I am unabashedly a proponent of cord-cutting. Even the idea of paying an ungodly amount for cable channels makes me a little nauseous. That said, I’m glad to have my subscriptions to Netflix, Hulu, and Amazon Prime. There’s plenty to choose from and I always feel like I’m getting my money’s worth. The only problem that seems to plague those of us who call ourselves “cord cutters” is the abundance of shows and movies being released every week, whether we know it or not.
This has led to the cultural phenomenon of “binge-watching”. If I’m not mistaken, this term was popularized by Netflix, going as far back as their DVD mailing service. Nowadays, binge-watching is a regular household activity. I’m sure you do it, too! I do… well, I did.
When season two of Stranger Things dropped on Netflix at the end of October, I was as excited as it seems the rest of the world was. The problem for me, though, was that my wife hadn’t watched season one. It isn’t really a rule that I can’t watch things without her, but I had an inkling that this may be a should that she would really enjoy. We had to go back and watch the first season.
We decided not to binge the entire series over the weekend, but instead watch one or two episodes each day until we had finished the whole thing. This led to an interesting experience on my part: I could actually keep track of what was going on with the show! (Amazing, right?)
As reviews came in from friends and family, I kept hearing about one episode that they “could have done without”. When we got to that episode and it was finished, my wife and I looked at each other and asked, “What was so bad about that?” Sure, it wasn’t a typical episode for Stranger Things, but it was important in the development of Eleven’s character. It was also a good set up for things I’m sure are coming in season three.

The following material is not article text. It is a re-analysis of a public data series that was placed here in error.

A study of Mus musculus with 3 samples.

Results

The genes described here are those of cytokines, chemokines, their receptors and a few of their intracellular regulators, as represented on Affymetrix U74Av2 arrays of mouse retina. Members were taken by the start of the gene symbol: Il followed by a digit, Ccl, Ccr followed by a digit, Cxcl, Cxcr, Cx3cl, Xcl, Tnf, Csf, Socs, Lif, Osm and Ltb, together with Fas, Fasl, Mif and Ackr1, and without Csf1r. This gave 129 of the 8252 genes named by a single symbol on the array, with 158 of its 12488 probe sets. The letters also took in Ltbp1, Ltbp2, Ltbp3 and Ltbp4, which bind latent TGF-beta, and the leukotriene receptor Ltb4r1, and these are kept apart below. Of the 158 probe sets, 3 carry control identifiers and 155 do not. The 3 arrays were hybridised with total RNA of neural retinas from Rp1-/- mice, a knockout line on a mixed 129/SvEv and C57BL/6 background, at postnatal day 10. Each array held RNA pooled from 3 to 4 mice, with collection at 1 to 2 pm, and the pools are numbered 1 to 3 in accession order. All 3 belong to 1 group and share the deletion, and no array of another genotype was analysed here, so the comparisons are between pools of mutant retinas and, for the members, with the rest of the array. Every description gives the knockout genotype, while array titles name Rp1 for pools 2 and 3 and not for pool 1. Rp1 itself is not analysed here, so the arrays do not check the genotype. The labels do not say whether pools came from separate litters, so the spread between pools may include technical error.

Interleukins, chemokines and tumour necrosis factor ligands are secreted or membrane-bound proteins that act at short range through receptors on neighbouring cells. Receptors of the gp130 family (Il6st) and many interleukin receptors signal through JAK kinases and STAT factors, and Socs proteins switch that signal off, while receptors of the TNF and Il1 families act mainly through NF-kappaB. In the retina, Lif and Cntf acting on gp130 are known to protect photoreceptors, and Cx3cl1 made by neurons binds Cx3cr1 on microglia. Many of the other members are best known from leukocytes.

What I realized after this was that not only was I able to understand what was going on better, I was able to get the experience that the creators – be it show runners, directors, writers, etc – had planned from the beginning. There are nuances about characters and story points you’re going to miss out on and appreciate less if you’re just trying to get to the end. This is another reason why I’m working harder to put down my phone or iPad when I’m watching something and why I think movie theaters are great places for those of us trying to soak in a film.
I’ve taken this mindset into watching Hannibal, a TV series that was on NBC for three seasons. Every episode is on Amazon right now, but I’m only watching one or two episodes in a sitting. There’s a lot to digest in them (pun intended). If I were to binge them, I’m missing out on small pieces of character and story development that would lose me a season and a half in. Even watching them in small doses, I still find myself having to think back to previous episodes and finding that… um… connective tissue.
What do you think about this idea of not binge-watching? If you enjoy binging the latest season of a show, what do you find appealing? Let me know in the comments.